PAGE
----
نوع مقاله : مقاله پژوهشی
1 دانش آموخته کارشناسی ارشد دانشگاه هنر اسلامی تبریز
2 استادیار دانشکده هنرهای تجسمی، دانشگاه هنر اسلامی تبریز. تبریز. ایران.
عنوان مقاله [English]
Glassmaking, as one of the valuable arts of Iran and Egypt, dates back to several thousand years ago. It entered into a new stage during the Islamic period with a rich historical and artistic background, so that the 3rd-7th centuries AH are considered as one of the most important eras of glassmaking in the Islamic period of Iran and Egypt. Iranian glassmaking in the Islamic period evolved while preserving and continuing the techniques of glass making and decorating of the previous era. Meanwhile, Egypt has been one of the main centers of glassmaking, and the ancient Egyptians were among the most prominent and skilled glassmakers in the world, but the peak of this art and craft took place in Egypt during the Islamic centuries. Despite the rich history of Iranian and Egyptian glass art, studies in this field have received less attention. Therefore, the present study is a comparative study of the sample glass chandeliers from the Islamic period of Iran and Egypt.
Egypt is one of the countries in constant interaction with Iran; both of which have influenced each other in various fields. These interactions and influences in different historical periods have increased or decreased according to the governing conditions. The vital role of the Silk Road and the road’s ending at the shores of the Mediterranean Sea as well as Egypt, the transfer of artworks, and the migration of artists, caused an extensive relation in various economic, cultural and artistic fields between two countries from the beginning of Islam until the 6th-7th centuries AH.
Also, the role of Bandar-e Siraf and the trade of glassware through the Red Sea between Iran and Egypt cannot be overlooked. Iran and Egypt, as the pioneers in the art of glassmaking, have made a great contribution to its advancement in the Islamic period.
The purpose of this research is recognizing part of the glassworks of these countries and achieving their similarities and contrasts by focusing on the elements that have built up the form and overall structure of the components, patterns and ornaments under the title of morphology which is a science in the field of literary studies; currently used in other fields including art studies. The Russian researcher and anthropologist, Vladimir Propp first coined the term morphology. Morphology literally means studying and recognizing shapes and faces. That is the study of the components of an object and their relationship to each other and to the whole structure of that object. Morphology does not only mean determining the form and shape of works, but it also generalizes to recognizing and classifying works, determining the fixed and variable elements of each work, and in a broader dimension, extracting the morphological pattern, and the scientific comparative study of works by reviewing components of each effect.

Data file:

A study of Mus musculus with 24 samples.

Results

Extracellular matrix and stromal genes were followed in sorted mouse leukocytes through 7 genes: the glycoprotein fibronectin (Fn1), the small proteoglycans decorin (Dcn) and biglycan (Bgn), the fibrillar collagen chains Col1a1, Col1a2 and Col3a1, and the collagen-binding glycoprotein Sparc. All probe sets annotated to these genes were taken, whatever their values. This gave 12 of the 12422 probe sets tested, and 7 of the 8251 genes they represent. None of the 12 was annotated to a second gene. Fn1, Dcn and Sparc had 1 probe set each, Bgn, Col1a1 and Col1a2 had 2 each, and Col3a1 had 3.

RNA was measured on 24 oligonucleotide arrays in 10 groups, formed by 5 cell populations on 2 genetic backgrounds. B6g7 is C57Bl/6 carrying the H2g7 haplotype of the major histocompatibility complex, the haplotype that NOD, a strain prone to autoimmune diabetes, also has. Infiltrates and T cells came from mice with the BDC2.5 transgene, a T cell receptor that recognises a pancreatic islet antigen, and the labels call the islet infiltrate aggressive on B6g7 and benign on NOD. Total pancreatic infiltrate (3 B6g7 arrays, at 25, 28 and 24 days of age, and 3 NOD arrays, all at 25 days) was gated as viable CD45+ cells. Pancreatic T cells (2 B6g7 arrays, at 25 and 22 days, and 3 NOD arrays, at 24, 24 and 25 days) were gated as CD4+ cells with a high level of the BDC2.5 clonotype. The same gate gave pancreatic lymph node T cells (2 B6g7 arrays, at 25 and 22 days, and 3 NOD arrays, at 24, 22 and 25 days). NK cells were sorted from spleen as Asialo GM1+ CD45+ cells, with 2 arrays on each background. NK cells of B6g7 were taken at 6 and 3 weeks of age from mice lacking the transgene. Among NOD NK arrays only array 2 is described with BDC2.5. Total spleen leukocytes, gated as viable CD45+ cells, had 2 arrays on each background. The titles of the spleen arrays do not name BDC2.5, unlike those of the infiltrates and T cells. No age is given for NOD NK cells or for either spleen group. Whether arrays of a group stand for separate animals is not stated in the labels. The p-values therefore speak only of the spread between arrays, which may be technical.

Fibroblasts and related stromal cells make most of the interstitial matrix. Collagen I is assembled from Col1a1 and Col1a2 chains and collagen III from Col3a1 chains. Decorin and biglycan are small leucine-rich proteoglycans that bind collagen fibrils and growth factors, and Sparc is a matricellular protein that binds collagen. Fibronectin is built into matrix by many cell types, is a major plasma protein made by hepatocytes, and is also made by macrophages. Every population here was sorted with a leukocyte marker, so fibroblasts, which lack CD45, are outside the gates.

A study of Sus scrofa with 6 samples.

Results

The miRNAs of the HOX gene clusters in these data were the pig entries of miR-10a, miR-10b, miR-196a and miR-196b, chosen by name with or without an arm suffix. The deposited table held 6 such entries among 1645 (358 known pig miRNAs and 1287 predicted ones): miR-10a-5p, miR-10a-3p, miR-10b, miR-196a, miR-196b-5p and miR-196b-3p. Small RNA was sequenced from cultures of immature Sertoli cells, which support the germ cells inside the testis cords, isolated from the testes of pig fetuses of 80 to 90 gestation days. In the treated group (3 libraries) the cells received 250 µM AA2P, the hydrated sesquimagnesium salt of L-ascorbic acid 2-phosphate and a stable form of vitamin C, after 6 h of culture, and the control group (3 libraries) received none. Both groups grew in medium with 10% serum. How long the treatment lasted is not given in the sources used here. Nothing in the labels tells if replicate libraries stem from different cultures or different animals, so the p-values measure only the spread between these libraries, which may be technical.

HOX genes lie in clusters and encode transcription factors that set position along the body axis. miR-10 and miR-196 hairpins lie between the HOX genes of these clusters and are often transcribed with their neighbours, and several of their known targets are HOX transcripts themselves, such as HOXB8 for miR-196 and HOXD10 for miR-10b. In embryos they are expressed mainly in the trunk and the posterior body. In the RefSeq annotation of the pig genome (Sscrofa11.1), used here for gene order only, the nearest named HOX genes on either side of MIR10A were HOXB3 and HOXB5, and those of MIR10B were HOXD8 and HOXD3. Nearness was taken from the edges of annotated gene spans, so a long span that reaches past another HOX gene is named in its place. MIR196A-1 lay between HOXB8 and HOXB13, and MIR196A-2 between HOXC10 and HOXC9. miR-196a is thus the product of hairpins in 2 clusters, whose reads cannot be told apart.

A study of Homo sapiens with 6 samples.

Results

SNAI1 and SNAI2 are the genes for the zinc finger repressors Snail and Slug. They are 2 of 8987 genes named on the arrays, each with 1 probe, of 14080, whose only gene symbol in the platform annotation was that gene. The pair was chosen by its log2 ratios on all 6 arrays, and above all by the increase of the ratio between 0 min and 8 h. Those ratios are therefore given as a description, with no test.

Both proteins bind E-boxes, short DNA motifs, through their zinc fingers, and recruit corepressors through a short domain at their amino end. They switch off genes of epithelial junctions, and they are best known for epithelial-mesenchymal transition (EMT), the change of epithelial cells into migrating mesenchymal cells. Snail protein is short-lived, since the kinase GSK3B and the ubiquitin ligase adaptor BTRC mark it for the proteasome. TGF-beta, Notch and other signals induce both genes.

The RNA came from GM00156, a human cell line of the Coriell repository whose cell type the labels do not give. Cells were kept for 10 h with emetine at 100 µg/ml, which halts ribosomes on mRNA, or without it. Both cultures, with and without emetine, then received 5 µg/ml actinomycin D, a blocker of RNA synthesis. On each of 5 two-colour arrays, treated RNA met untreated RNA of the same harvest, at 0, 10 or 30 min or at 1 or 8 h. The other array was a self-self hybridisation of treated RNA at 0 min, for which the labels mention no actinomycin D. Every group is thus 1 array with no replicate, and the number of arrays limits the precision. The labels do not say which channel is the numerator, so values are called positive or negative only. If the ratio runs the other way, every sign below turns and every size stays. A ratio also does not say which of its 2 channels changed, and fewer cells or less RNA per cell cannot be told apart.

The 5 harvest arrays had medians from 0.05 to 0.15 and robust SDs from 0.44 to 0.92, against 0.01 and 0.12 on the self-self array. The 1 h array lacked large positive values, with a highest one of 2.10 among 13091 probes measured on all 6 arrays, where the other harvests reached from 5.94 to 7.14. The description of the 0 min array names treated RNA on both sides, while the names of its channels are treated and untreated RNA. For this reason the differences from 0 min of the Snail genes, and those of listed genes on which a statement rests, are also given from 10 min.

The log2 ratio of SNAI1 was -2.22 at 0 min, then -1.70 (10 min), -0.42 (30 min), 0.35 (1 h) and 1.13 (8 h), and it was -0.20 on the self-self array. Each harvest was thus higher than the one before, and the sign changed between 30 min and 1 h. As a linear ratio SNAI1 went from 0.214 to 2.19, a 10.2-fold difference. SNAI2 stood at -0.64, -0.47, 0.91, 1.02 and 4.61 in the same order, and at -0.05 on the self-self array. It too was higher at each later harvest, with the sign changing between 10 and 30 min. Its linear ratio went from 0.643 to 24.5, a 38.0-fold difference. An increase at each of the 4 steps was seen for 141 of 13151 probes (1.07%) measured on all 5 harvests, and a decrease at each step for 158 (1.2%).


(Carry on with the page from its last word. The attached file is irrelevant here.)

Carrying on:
The present study seeks to answer these questions: 1) What are the visual features of Iranian and Egyptian glass chandeliers in terms of morphology, 2) What are the differences and similarities in the shape of the glass chandeliers of Iran and Egypt in the 3rd-7th centuries AH?
This research is developmental in terms of purpose, retrospective in terms of time, and descriptive-analytical in terms of nature and method. Data and information were collected through authentic library sources. The population includes 12 samples of Iranian glass chandeliers and 9 samples of Egyptian glass chandeliers during the 3rd-7th centuries AH.
The results indicate that despite the similarities in the shape of glass chandeliers, differences in their components, including fixed elements of the body, neck, base and pendant, and variable elements of ornaments and patterns, differentiated Iranian and Egyptian glass chandeliers from each other. Body, neck, pendant ring and base are considered as the fixed components, and various decorations and designs on glass chandeliers are among the changing elements of these works.
The body shape of Iranian and Egyptian glass chandeliers is parabolic and vase-like, but differences exist in these forms.
The neck of Egyptian chandeliers is taller and wider than the neck shape of Iranian glass chandeliers, with a wide mouth made by a glass artist, which, like the body, has been a suitable background for presenting decorations and designs. A flat base was observed in the glass chandeliers of both countries, while a long base was observed in the glass chandeliers of Egypt.
Despite the similarity of the shape of the glass rings -to pass the chains and hang the chandelier from the ceiling- there are differences in the glass chandeliers of Iran and Egypt, including the ring-like shape of this component in Iranian chandeliers and the handle-like form in Egyptian chandeliers. Also, some methods of decorating glassworks by glass artists have been used in only one of these countries. Drawn upon the study, the Egyptian glass artists, unlike the Iranian ones, were attracted to the use of pure abstract and iconic-abstract decorations.